The response to last week’s post, Returning to Fitness After Loss, was both comforting and overwhelming.
While I read every single comment and email and Facebook post, I found myself unable to respond to them, grief being still so very fresh. Sometimes all it takes is a sympathetic look or a gentle hug to start the tears flowing again.
Thank you all for taking the time to offer condolences, share experiences and suggest ways in which I might use exercise to help heal myself and move forwards, towards a ‘new normal’ with my family.
Some of you shared with me how running or yoga helped you through a period of loss.
Others suggested simply walking in nature as a soothing way to nourish both spirit and body.
A few told stories of stopping exercise and abandoning healthy eating for as long as a year after the death of a loved one. And how they returned once again to fitness, when the time was right.
A close friend suggested an obvious solution to my anxiety about going back to a gym where I know everybody (and even in the absence of personal tragedy, can barely get through a workout without stopping to chat and acknowledge clients, class participants, colleagues and friends…); switch gyms for awhile. Brilliant!
Another friend suggested I just ‘do it’. (No offence, but Nike slogans don’t motivate me at the best of times 😉 ).
Many of you posted variations on the themes of ‘give yourself time’, ‘practice self-compassion’, ‘celebrate the small victories’ and ‘what you can, when you can’. Sound familiar?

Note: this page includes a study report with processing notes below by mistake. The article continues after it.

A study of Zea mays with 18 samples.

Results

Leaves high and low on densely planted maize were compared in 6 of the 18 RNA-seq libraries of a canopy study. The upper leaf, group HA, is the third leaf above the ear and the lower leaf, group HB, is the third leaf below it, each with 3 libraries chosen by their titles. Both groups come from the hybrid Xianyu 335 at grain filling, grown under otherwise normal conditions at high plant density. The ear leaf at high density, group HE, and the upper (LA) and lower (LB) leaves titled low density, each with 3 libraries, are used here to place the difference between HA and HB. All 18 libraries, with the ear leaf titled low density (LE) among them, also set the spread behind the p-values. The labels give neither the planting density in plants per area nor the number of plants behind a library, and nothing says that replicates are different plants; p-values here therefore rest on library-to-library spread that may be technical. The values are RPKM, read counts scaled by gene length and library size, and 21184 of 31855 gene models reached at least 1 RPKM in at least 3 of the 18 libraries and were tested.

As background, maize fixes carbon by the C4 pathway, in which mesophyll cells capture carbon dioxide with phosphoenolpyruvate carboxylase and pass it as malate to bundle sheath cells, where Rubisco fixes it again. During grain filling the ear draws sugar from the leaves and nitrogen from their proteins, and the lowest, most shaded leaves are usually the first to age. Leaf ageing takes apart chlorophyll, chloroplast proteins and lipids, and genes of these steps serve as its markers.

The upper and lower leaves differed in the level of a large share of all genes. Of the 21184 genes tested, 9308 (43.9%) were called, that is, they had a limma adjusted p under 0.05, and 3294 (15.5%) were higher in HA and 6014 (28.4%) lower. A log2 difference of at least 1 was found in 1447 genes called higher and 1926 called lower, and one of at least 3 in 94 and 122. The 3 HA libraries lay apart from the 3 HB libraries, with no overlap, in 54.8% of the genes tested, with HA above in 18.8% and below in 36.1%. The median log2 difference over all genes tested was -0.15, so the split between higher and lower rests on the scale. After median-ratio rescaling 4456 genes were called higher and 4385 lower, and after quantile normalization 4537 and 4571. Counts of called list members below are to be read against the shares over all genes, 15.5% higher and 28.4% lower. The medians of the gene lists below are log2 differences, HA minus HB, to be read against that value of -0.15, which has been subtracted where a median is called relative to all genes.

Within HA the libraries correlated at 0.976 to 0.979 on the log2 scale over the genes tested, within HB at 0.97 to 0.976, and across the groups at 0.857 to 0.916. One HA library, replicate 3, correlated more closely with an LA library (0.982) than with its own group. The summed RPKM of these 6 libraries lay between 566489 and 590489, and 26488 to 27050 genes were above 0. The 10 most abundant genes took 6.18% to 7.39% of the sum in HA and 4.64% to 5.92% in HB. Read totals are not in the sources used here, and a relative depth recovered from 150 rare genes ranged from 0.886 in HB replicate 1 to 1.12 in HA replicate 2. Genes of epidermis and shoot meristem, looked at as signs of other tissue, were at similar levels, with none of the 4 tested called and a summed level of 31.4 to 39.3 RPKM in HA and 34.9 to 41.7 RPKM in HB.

Surprisingly, even though these themes focus prevalently in my fitness coaching practice, I’ve failed to apply them to myself. Sometimes the teacher needs to becomes the student.
I took all of your suggestions to heart, but in the end, realized that my biggest challenge right now is to reconcile the fact that what I need exercise for right now, is completely different for the reasons I needed it in the past.
Now is the time for finding joy in movement, feeling better in my body and minimizing the aches and pains that set in when I’m not exercising regularly. Bicep development, bench press PR’s and pull-up progress seem unimportant these days.
And that’s okay.
I need to take a compassionate approach to exercise.
I need to be gentle with myself and avoid comparisons of past progress and goals with where I am right now.
I need to plan a small number of short, weekly workouts and be willing to adjust my schedule depending on how I’m feeling on any particular day. Alas, I still can’t predict how I’ll feel by lunchtime, let alone tomorrow or the end of the week.
I need to keep up the daily walking routine my husband and I have created. Revisiting the paths and trails that Clara loved. These hand-in-hand outings provide the opportunity to talk about how we’re feeling and to shares thoughts and memories our beloved daughter. We recognize that tragedy can destabilize a marriage and are determined that ours remains strong.
I need to let movement soothe me and still the blender of thoughts in my head.
I need to let members of my community share their condolences and sadness with me, knowing that even though it may move me to tears, others are hurting as well and only want to offer comfort and support.
I’m hopeful that by meeting myself where I am, doing less than I think I should and being present in the simple task of moving my body, I’ll be setting myself up for longterm healing and success. (This approach, coincidentally, is what I recommend for anyone just getting started with exercise, or returning to it after a hiatus…).
At least that’s the plan. A compassionate approach towards exercise.
And since it’s always worked for my fitness coaching clients, I’m hopeful that it will work for me, too.